Today’s guest author is Nan. Her three little boys keep her hopping. It is a good thing that she likes camping, Harry Potter, Star Wars and Legos almost as much as they do. Or more. She is always up for an adventure, as long as she remembers to pack plenty of snacks and diapers. Besides doing the stay-at-home-mommy thing, Nan likes to read, write, work on scrapbooks, kiss her husband in the kitchen in front of the boys and cook. She blogs under the name scienceteachermommy at Nomad where neither politics nor religion are taboo subjects.
Years ago we lived in a rapidly growing area of the Church. Less than a year after being put into a new stake, two wards in our area were re-configured to make three. Our neighborhood was in the brand new ward.
The contributions from the original wards could not as have been more different—our section was mostly comprised of families with parents under age thirty, each of us dragging our little stair-stepped broods to church each week. The other portion contributed families fifteen years further along the spectrum. Their data sheets read like so: one grandchild, one married, one in medical school, one in college, one missionary, and one teenager.
Though ages in between were a little bit spotty, there were easily seventy kids in the ward under age eight and fifteen full-time missionaries on the bishop’s brag board. It was an interesting arranged marriage, to say the least.
The honeymoon period was mostly amicable, with one issue continually acting as the pea under the mattress—reverence. I remember sitting in one ward council meeting staring at my notebook, face burning with shame while the well-meaning brethren discussed various complaints from people in the ward regarding the noisy children. I also remember a sister’s comment from the pulpit in a testimony meeting about not having been in such a noisy ward since her married housing days at BYU. She followed her comment with, “I love all these little ones, of course.” I had my doubts. Of course.
But the most vivid of the many uncomfortable comments came during a lesson that was about taking the sacrament. The comments in the class inevitably led us into another reverence discussion, with plenty of well-meaning older sisters offering advice for keeping children quiet. One of these, a well-respected and bright mother of six, undoubtedly thought she was showing empathy for the difficulties faced by young mothers when she said, “I feel so bad for you young moms.” She explained herself by adding that our lives were so busy with babies and the tasks that must be done daily to keep our families running that it was unfortunate we had no chance to prepare spiritually for the sacrament or to ponder the majesty of the Atonement during the ordinance itself.
All around me women young and old began nodding in agreement. I was flabbergasted.
For while it is true that the comment had accurately described one side of motherhood, she had entirely forgotten that the Savior Himself looked for opportunities to be around children, chiding his apostles for trying to exclude them. Yes, Sundays are often frustrating and my weekdays full of routine minutiae, but they are full of other things too: spiritual lessons that I have been able to learn no other way than by a full immersion in the chaotic messiness that is childhood.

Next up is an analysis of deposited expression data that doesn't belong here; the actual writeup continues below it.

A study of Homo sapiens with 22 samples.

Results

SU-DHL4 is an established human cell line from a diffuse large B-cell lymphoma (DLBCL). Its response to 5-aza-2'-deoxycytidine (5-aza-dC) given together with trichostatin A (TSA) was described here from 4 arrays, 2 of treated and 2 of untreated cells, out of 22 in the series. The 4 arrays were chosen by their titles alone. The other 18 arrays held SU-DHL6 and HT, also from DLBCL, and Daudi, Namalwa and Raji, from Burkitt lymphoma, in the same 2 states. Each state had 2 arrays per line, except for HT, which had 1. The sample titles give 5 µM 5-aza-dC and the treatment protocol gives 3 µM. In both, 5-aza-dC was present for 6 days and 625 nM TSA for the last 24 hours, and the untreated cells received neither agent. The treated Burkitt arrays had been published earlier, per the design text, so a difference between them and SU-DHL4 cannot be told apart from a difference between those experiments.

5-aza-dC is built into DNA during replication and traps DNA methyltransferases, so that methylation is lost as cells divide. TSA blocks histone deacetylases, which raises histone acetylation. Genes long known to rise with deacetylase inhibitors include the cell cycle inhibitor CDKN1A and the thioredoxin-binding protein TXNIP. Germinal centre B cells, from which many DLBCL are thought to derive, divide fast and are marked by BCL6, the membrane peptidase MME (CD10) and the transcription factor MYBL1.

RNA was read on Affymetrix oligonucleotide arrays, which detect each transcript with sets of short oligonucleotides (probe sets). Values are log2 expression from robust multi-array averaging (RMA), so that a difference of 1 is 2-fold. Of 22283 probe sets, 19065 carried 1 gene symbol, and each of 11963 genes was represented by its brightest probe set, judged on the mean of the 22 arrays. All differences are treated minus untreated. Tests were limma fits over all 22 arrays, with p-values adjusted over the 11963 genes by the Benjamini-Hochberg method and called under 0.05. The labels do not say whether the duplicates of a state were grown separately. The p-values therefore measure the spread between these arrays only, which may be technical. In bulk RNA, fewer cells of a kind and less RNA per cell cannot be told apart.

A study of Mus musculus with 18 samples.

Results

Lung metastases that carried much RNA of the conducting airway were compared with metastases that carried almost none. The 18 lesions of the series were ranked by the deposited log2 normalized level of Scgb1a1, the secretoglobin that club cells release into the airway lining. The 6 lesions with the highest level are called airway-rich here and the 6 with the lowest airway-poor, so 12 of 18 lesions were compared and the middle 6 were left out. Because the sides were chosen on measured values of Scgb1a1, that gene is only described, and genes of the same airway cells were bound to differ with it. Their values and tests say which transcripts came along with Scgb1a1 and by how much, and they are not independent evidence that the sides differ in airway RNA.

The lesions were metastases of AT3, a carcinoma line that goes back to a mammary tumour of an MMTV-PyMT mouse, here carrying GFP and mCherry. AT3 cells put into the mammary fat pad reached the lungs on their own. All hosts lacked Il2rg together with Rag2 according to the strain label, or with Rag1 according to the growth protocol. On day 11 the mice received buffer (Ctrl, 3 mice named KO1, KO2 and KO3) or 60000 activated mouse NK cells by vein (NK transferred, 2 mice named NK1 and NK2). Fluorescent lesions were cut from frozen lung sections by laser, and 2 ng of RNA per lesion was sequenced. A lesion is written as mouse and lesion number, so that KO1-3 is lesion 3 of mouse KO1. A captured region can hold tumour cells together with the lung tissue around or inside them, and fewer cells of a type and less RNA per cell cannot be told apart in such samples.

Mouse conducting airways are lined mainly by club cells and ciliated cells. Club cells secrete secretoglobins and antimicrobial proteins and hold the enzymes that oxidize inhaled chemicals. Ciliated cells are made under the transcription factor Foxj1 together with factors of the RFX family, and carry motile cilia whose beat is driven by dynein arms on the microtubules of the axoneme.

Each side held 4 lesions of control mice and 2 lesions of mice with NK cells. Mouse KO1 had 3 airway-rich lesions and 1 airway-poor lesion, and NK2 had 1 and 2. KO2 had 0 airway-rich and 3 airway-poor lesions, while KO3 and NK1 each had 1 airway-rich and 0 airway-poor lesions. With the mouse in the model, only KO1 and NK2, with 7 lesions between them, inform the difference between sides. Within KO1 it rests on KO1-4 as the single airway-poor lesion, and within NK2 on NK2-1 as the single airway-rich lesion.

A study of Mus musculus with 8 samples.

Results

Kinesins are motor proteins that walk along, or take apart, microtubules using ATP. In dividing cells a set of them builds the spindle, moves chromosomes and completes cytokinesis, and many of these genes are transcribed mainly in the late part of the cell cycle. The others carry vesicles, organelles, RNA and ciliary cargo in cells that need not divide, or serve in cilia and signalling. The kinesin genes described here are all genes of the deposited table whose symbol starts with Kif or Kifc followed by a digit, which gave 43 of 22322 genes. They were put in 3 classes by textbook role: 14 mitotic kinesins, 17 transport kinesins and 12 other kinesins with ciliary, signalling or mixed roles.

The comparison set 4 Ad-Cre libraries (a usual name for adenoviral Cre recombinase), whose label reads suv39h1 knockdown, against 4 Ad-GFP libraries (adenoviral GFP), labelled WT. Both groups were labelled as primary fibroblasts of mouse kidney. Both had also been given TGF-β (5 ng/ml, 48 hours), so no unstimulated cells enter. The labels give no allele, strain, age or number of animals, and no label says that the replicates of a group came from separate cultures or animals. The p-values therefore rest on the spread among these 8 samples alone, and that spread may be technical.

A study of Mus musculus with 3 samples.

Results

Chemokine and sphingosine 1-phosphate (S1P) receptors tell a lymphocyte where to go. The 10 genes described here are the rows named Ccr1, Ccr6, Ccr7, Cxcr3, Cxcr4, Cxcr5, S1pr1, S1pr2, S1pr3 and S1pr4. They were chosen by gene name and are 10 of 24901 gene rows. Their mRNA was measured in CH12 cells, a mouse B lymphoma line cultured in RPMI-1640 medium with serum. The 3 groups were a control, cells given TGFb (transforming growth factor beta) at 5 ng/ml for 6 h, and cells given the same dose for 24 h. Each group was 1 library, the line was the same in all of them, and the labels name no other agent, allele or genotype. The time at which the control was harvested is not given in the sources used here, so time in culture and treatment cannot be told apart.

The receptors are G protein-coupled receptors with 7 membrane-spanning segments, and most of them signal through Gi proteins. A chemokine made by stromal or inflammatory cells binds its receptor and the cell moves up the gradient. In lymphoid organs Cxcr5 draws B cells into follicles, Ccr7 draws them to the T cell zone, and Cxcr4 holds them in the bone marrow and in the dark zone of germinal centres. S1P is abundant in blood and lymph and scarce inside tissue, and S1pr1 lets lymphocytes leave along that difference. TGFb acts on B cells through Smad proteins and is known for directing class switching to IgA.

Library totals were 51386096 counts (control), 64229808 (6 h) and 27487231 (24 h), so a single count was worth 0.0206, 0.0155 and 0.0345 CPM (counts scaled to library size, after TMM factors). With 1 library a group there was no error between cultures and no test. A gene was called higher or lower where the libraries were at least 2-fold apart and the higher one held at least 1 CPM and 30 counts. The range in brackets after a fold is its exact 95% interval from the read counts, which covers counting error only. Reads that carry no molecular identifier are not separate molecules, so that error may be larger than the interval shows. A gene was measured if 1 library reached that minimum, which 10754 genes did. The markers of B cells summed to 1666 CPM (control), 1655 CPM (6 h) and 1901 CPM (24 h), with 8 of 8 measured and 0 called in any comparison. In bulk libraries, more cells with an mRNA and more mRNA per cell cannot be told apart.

To that older sister I wish I could say, “When is the last time a child spontaneously hugged you and said without a trace of irony, ‘I love you, Mommy; you my best friend ever?’ When is the last time you were surrounded by little souls so completely without guile that it reaffirmed your faith in all humanity? When was the last time you heard a child bear his first testimony, knowing it was your influence and teaching that helped make it possible? When was the last time you changed a poopy diaper, smiling and singing to your little one, filled with joyful knowledge that you were performing a service nobody else was willing to do?”
Yes, studying, long minutes of uninterrupted prayer, and pondering are wonderful, even luxurious, things, but could any amount of study teach more true charity than spending your days washing, clothing, feeding, and teaching others who truly need you? I would be lying if I said that I don’t sometimes look forward to a time when sacrament meeting won’t involve taking a screaming child into the hall, taking a toddler to the bathroom or water fountain three times, breaking up various quarrels, or reminding somebody that “just one” when it comes to the sacrament bread doesn’t mean “one handful.”
But, at the same time, I hope I never come to a time when I forget the powerful lessons of this time either.
In a recent fast meeting I had one ear on the testimonies while I colored a picture for my two youngest—they chose the colors and told me where to use them and we created a ridiculous ice cream-eating seal. The boy on the bench in front of us kept turning around to check our progress and offer suggestions. His grandmother kindly and firmly kept reminding him to “turn around, be quiet, sit down, and act reverent.” Finally deciding to be obedient, he settled down to his own coloring. As the first chords of our closing hymn began, our neighbor boy turned in his pew and handed me a page he had torn out of his coloring book—a king colored in a violent shade of orange. “For you,” he said with a disarming and innocent half-smile.
I saw in a flash that I was experiencing the greatest act of spontaneous charity I would probably know all week—a lesson in love that didn’t come through the quiet whispering of the Spirit, but through the generous act of a wiggly, mischievous little boy.
As I pray daily that my children will learn the lessons that their earthly parents wish to teach them, I must not forget to pray that I will learn the lessons that my Heavenly Parents wish to teach me through them.